To Avoid Flooding, Coastal Homeowners Lift Themselves Up
ARUN RATH, HOST:
A year ago this weekend, Hurricane Sandy barreled along the East Coast of the United States before making landfall in New Jersey as Superstorm Sandy. Communities that had been high and dry for as long as anyone could remember suddenly found themselves under eight feet of water. Post-Sandy, a booming business in New York and New Jersey has been something called house lifting. That's picking a house up and setting it on stilts or a higher foundation to protect it from a future storm surge.
Charles Lane of Long Island's WSHU reports the rush to lift houses has regulators scurrying to catch up.
CHARLES LANE, BYLINE: Resting on a grid of eight-foot pillars is a shingle-style beach cottage, classic to this part of the Hamptons. Stabbed through the side of the house is a 50-foot metal beam that Guy Davis is delicately trying to excise or, well, as delicately as one can with a tractor. Yesterday, two cranes used that beam to move this house to its new home, now above the flood zone.
GUY DAVIS: As soon as Hurricane Sandy hit, we were inundated with about 100 calls a day for two months.
LANE: That's insane.
DAVIS: Yeah. And, you know, everybody thought that they couldn't raise their house or it wasn't possible, and we put their mind at ease.
LANE: Davis' family has been lifting houses for over 100 years. Lifting this house will cost $100,000. The lifting process actually isn't that complicated. You reinforce the structure with those metal beams and use special jacks to lift it up foot by foot. Setting the house down, however, can be tricky.
DAVIS: You know, we have a lot of bog here, which is a spongy type of soil. And, you know, somebody can get in trouble if they don't know exactly the ground they're dealing with.
LANE: Here in New York and New Jersey, booming demand has a lot of people getting into the business of house lifting. The financial and emotional toll from Sandy's storm surge is fueling demand. But also, new FEMA flood maps will eventually double insurance rates, and it's near impossible to get a mortgage on a home that's below FEMA's flood level.
DAVIS: Besides the, you know, the storm chasers, there's actually people who are just starting from scratch with no knowledge and no background and just wake up and say, hey, I want to be a house mover because there's a lot of money in house moving.
LANE: The worst case scenario for hiring an inexperienced house lifter is they drop your house. Tom Gargiulo says this happened to his family's two-story ranch located on a narrow tine poking into the Great South Bay.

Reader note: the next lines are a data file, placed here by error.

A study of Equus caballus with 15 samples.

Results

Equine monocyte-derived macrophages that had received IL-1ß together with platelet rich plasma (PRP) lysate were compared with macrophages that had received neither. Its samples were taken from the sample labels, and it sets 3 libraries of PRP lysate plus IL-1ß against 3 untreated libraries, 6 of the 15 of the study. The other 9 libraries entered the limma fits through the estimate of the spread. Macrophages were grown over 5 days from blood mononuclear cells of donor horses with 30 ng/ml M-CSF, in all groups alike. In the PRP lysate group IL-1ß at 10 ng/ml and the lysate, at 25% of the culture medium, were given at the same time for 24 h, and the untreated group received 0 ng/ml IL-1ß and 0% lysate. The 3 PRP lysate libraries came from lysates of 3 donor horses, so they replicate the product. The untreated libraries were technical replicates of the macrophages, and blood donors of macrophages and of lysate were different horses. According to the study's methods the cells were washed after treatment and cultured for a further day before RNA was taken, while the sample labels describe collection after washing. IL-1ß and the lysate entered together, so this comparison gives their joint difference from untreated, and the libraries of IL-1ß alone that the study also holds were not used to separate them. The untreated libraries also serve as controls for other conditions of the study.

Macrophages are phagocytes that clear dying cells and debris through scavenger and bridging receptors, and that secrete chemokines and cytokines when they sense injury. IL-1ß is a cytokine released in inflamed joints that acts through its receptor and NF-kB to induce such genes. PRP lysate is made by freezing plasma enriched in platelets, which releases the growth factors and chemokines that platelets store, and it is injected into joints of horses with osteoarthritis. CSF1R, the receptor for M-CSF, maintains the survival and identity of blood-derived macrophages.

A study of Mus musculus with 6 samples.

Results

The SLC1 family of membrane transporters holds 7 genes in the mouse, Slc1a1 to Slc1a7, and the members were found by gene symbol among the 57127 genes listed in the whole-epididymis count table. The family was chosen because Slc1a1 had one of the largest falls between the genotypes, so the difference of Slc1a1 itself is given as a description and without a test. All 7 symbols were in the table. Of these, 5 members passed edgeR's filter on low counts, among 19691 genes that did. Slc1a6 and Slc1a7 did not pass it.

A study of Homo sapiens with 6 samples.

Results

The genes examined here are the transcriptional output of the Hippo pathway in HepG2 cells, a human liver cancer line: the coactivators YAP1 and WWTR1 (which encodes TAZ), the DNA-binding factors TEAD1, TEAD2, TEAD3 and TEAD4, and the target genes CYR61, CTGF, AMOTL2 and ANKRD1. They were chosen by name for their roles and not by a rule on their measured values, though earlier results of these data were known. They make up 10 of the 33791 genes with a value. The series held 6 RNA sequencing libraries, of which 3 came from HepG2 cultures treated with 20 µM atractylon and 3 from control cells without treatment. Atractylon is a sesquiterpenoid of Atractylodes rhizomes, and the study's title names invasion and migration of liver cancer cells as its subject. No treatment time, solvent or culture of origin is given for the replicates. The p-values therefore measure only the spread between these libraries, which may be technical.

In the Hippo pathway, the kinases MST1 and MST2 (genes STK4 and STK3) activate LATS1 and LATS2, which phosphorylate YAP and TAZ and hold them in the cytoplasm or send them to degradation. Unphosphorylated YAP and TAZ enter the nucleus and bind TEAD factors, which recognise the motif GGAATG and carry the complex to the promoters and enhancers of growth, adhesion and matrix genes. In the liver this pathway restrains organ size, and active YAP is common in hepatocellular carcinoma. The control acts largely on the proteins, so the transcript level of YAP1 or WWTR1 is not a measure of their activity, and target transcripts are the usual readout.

TOM GARGIULO: And it was like an earthquake hit. Even the deli two blocks away heard it. Neighbors come outside the house. There was smoke all over. And, you know, the only - I mean, the good thing that all of these men that were under the house came out alive.
LANE: Gargiulo says his wife's china broke during the collapse. The lifting company, whose primary business is steel fabrication, says Gargiulo is overstating the damage. The two are currently in litigation.
Before Sandy, two companies did most of the house lifting on Long Island. After Sandy, 14 new companies applied for home-lifting licenses in Nassau County. Neighboring Suffolk County doesn't issue special licenses for home elevations, but the county's Sammy Chu says it's looking at new rules to protect homeowners.
SAMMY CHU: What is unprecedented here is the capacity. There's never been quite the demand for this kind of home improvement. I think part of it's going to be a lot of people are going to have to wait. You know, there is going to be contractor backlog when it comes to these types of projects.
LANE: Chu adds that Suffolk recently doubled insurance requirements for house lifters to $2 million. In New Jersey, pending legislation would require lifters to complete an apprenticeship and also specifies equipment. What's spurring lawmakers into action is this: The home-lifting boom going on right now is just the tip of the iceberg.
Back out in the Hamptons, Guy Davis is showing off all the houses he's lifted recently, all paid for out of pocket, meaning the owners had on hand the $100,000 needed to raise the home.
What's happening now is federal Sandy aid is starting to filter down. New York and New Jersey are starting to send checks of $100,000 or more for people to improve their Sandy-ravaged homes.
DAVIS: So the new wave of calls we're getting are homeowners who have this letter but still have nowheres to go. They don't know what the next step is. I would say for the next few years, we'll have a pretty substantial amount of work to do.
LANE: New Jersey hopes to have its new set of requirements in place by the end of the year. New York regulators are still negotiating what, if any, new requirements to add to the Sandy aid it's sending out. For NPR News, I'm Charles Lane.